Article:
Welcome International Travelers
To ensure a satisfactory trip for every traveler into the United States, U.S. Customs and Border Protection has partnered with George Bush Intercontinental Airport under its Model Port initiative.
The airport is one of two in the nation piloting a new, more welcoming approach to international travel into the United States (see video to the right). In addition, CBP has put together a Top 10 List of recommendation for travelers.
To view this list in English Click Here.
Para ver esta lista en español, haga Cliq Aquí.
Arriving international travelers must first clear the U.S. Customs and Border Protection, where uniformed, multilingual Special Service Representatives (SSRs) are available to assist passengers.
These representatives speak more than 20 different languages.
Passports, Visas (if required) and other necessary documents must be completed correctly and available for the Immigration inspector.
After claiming their bags, passengers enter the U.S. Customs and Border Protection checkpoint. A Customs declaration form, which is distributed on the plane, should be ready for inspection by the Customs officer. There is a CBP Agriculture Specialist available to examine food, plants or other perishables for travelers carrying these items. Passengers who have duty to pay may do so at the cashier window adjacent to the exit doors of the Customs and Border Protection area.
See table below for further instructions.
International travelers beware:
Traveling international passengers should be aware that no single entity or organization has any control over the length of time that it takes for any person to clear the U.S. Customs and Border Protection process at any airport. Claims by individuals or corporations stating that they can expedite the process of clearing Customs and Border Protection for a fee are false. Please be aware that having the appropriate identification, Custom’s forms and necessary entry paperwork filled out before you enter the Customs and Border Protection area are effective ways to expedite the inspection process.
|International Arrivals must first clear Passport Control prior to picking up luggage at the lower level. Be sure to have all necessary forms ready. The blue Customs Declaration form is turned in to a Customs and Border Protection officer; if no additional baggage inspection is necessary you will exit Customs and go past the recheck area to the greeter lobby.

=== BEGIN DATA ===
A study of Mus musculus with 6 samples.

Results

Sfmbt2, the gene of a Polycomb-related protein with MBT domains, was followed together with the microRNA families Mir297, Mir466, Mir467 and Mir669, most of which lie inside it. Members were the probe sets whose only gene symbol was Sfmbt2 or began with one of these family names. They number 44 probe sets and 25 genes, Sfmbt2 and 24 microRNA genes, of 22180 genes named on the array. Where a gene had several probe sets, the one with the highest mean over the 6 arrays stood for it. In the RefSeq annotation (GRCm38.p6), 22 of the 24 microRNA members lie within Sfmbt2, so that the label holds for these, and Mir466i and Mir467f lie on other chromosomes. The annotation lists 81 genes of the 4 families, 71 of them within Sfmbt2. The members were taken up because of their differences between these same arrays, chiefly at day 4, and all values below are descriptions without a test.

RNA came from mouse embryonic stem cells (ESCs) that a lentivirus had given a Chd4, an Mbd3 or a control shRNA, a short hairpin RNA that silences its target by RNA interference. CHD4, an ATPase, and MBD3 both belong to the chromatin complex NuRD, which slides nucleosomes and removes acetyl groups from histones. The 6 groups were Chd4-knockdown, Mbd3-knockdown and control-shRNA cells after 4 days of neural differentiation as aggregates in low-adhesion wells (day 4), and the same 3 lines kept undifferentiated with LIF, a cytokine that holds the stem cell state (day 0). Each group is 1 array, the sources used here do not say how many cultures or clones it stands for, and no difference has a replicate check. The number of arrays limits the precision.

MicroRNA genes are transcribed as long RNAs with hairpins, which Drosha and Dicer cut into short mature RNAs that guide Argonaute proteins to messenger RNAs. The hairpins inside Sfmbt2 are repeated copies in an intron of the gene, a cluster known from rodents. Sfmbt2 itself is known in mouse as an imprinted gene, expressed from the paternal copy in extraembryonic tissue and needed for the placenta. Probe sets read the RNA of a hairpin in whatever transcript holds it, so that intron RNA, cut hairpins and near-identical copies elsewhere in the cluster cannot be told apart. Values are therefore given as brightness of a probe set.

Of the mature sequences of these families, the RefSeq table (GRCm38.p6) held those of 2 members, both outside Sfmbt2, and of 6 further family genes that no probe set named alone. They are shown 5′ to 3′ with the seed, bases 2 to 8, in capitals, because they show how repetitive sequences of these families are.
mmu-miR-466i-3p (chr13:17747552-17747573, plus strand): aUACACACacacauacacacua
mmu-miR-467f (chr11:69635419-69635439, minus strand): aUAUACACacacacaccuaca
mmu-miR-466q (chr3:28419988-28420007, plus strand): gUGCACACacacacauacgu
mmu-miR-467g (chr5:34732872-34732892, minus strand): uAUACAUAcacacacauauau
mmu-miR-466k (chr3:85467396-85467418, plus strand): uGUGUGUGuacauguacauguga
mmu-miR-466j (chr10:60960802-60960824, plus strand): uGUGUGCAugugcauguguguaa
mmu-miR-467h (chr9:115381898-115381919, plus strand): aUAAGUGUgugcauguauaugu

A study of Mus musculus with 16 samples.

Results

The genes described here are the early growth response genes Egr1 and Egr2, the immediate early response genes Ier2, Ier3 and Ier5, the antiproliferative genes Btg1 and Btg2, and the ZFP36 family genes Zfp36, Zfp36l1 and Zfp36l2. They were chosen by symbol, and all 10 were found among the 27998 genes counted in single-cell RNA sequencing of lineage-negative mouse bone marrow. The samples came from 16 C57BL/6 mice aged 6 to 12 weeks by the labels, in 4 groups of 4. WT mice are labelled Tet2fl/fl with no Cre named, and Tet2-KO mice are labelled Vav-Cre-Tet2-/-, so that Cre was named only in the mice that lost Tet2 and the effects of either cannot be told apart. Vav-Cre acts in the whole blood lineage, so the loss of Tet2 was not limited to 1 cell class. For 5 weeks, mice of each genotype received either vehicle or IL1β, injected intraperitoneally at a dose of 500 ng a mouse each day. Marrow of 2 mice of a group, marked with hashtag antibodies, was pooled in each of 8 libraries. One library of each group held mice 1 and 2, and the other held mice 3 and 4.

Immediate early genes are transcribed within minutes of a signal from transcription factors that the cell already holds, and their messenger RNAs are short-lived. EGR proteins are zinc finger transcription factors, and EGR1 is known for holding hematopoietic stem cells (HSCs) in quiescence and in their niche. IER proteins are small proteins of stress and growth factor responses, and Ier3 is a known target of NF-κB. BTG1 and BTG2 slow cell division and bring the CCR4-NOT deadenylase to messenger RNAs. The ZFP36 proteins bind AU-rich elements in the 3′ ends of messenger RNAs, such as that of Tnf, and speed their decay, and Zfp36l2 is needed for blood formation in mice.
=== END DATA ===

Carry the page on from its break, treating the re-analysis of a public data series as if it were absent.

||Passengers holding boarding passes may recheck bags just outside the Customs area exit doors. Airline representatives are available here to answer questions. Exceptions: passengers holding separate tickets to connect to a foreign flag carrier will check in at the Terminal D ticket counters.
|Passengers may take the elevator or escalator for the walkway to Terminal D and go up one level. Ticket counters are to the right. For D gates, go through security screening and up the escalators to the appropriate gate.
||If holding boarding passes, clear security at level two turn left for Gates C29-C45 & E1-E24. Turn right for Gates D1-12 or B60-B91 & C14-C28. An above ground people mover runs every 90 seconds to Terminal B and C.
SSRs staffing the visitor information booth immediately outside the U.S. Customs and Border Protection exit can provide airport and tourist information.
The white airport telephones located throughout each terminal are for paging assistance. Visually or hearing impaired individuals may request additional information by calling 281/230-3000 or our TDD number, 281/230-3089.
International travelers beware:
Smuggled birds brought into the United States without undergoing inspection or quarantine can increase the chance that deadly avian diseases such as avian influenza, exotic newcastle disease and parrot fever will infect the U.S. bird population and spread to people or other animals.
To ensure the public is aware of the dangers associated with smuggling live birds and poultry, U.S. Customs and Border Protection is displaying public service announcement posters on bird smuggling at more than 320 U.S. ports of entry.
The two posters, Bird Flu–What You Need to Know and Don’t Smuggle Me: I could be sick, are the most recent actions taken by CBP to prevent the introduction of harmful plant and animal pest or disease into the U.S. through agricultural products. Other actions taken include:
Civil penalty increase–failure to declare agricultural items at U.S. ports of entry was increased to $300 for first time offenders.
Notice to Travelers–a flyer provided travelers to inform them why CBP is seizing agricultural items from baggage.
“Agricultural pests and diseases are a threat to U.S. food crops and livestock,” said Jeffrey Grode, executive director for U.S. Customs and Border Protection Agriculture Programs and Liaison office. “Some of these organisms are highly contagious animal diseases that could cause severe economic damage to the livestock industry and losses in production, which would mean increased costs for meat and dairy products.”
Aside from smuggled birds, restricted items include meat, fruits, vegetables, plants, soil and products made from animal or plant materials. International travelers can help protect American agriculture against the introduction of foreign plant and animal pests and diseases by declaring all agriculture items and presenting them to CBP for inspection so that an agriculture specialist can determine if they are admissible.
For additional information, visit the CBP Web site at http://cbp.gov.